Algae & bug poop in the gas tank?

Algae & bug poop in the gas tank?

Watch Lou Ann Hammond talk to MSNBC’s host, Alex Witt, about alternative energies.

China – the Saudi Arabia of biofuels?

The Chinese had to remove massive amounts of algae from around the Olympic sailing venue in Qingdao. That algae will grow back rapidly and kill other organisms.

The Financial Times wrote an article on July 11, 2008 called “The curse and blessing of algae” talking about China and their algae problem. But this problem could turn a boom for China. And Ill bet you PetroSun is already talking to China.

In an article on gas2.org PetroSun has announced it will begin operation of it’s commercial algae-to-biofuels facility on April 1st, 2008. The facility, located in Rio Hondo Texas, will produce an estimated 4.4 million gallons of algal oil and 110 million lbs. of biomass per year off a series of saltwater ponds spanning 1,100 acres. Twenty of those acres will be reserved for the experimental production of a renewable JP8 jet-fuel.

The biomass left-over from oil-pressing can either be fed to cattle as a protein supplement, or fermented into ethanol. Petro-Sun says they will use saltwater to create the biofuel instead of our other scarce resource, fresh water.

China has an expansive amount of coal that they are looking at producing coal to liquid. According to National Geographic China produces the most rapeseed, the product to make biodiesel, of any country. Now the algae that is clogging their port in Qingdao could fuel the barges that will be bringing our cars to us in 10-15 years.

Bug Poop in your gas tank?

Life Science 9 (LS9) is a company in California that, according to their website, creates biofuel from bug excretion. That’s right – bug poop.

Vinod Khosla, and industry leader in alternative energy venture capitalism, has invested in this venture. LS9 told the Washington Post that when they get up and running on a full-scale basis this biodiesel will cost $1.25 a gallon.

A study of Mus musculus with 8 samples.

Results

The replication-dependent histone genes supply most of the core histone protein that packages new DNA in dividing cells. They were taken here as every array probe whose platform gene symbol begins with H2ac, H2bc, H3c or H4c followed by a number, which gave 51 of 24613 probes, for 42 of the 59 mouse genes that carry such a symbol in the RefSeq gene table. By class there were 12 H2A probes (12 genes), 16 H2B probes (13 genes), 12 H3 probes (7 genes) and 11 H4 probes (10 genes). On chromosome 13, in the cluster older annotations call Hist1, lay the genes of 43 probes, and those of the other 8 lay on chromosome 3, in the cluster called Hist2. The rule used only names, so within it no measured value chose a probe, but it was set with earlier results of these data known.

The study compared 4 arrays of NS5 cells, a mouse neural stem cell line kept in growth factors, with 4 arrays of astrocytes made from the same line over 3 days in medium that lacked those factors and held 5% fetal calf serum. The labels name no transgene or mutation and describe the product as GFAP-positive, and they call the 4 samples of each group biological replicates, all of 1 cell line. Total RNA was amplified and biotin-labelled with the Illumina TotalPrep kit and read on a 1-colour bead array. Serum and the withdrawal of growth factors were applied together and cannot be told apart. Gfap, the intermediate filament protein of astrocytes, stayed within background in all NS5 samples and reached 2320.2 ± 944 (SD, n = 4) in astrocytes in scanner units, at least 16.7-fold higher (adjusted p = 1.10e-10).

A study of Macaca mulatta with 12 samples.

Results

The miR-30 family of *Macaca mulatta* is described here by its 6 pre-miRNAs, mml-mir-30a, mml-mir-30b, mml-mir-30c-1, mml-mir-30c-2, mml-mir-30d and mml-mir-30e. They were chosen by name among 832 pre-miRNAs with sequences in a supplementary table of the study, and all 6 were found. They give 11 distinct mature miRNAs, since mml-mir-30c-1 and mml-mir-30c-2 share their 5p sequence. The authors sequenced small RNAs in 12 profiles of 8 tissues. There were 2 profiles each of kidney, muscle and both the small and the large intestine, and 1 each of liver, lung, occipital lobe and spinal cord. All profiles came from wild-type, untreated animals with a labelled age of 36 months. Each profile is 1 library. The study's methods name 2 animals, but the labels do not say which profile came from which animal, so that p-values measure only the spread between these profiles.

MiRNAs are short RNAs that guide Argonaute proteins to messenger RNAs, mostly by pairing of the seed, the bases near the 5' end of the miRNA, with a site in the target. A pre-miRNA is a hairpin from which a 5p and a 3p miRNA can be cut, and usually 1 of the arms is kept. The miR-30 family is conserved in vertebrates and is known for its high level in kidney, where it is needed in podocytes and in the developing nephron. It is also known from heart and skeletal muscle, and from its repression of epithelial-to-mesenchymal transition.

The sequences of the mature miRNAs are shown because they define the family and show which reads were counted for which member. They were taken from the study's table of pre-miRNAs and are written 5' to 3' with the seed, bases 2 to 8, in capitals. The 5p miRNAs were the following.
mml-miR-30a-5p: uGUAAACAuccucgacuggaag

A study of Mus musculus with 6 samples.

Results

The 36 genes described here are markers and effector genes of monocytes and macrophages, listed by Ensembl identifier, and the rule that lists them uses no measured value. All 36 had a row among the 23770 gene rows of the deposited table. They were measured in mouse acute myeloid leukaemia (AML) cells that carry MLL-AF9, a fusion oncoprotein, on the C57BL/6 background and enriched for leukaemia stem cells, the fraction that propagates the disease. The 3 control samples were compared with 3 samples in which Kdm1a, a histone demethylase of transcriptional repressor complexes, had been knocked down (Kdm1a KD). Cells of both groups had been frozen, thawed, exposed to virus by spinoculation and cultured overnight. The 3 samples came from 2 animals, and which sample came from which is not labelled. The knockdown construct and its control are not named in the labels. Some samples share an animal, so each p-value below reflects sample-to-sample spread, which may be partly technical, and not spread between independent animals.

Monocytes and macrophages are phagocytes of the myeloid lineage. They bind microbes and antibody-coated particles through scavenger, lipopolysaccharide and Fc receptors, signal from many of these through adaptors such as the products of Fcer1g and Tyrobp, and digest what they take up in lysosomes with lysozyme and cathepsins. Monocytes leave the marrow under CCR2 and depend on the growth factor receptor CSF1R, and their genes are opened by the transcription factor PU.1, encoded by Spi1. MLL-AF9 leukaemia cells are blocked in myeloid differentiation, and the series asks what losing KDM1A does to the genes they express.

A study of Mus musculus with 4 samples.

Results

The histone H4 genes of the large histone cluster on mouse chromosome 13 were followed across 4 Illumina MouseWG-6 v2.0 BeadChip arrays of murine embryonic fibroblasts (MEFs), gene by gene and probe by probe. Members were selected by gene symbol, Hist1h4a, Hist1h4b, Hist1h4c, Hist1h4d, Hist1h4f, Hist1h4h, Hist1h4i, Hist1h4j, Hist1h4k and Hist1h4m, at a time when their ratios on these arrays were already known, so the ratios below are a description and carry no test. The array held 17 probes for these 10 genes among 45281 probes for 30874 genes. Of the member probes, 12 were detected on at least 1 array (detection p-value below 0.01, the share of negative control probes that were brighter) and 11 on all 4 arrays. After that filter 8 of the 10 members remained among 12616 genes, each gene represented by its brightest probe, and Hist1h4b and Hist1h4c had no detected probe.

Tim from LS9 wants to make sure that we know that there are no bugs involved in the process, just microbes. According to Tim, “The reference to bugs, popularized by the London Times and in part by the Washington Post, was more alliterative than accurate. In fact, LS9 is producing petroleum-equivalent products via fermentation, in which specialized microbes in a fermentation tank convert feedstock to fuels like diesel. There are no “bugs” (ie insects) used in the process. You can read a little more on the system here (http://www.ls9.com/technology/)”.

Alright Tim, we get it, there were no animals harmed in the process. But couldn’t we say microbes are just the couch potato of bugs? They sit around watching television and eating bon-bons and flatuating all day. Their parents were couch potatoes before them, living off the fat of the land. Now, all of a sudden these parasites of the earth are excreting a needed commodity. They are famous, they have won the lottery. They are going to save the universe, or at least the United States!

T. Boone Pickens plan

and what about T Boone Pickens natural gas plan – is there a car ready for that?

About the Author:

Lou Ann Hammond is the CEO of Carlist and Driving the Nation. She is the co-host of Real Wheels Washington Post carchat every Friday morning and is the Automotive, energy correspondent for The John Batchelor Show and a Contributor to Automotive Electronics magazine headquartered in Korea. Hammond is a member of the North American Car and Truck of the Year (NACTOY), Women's World Car of the Year (WWCOTY), and the Concept Car of the Year.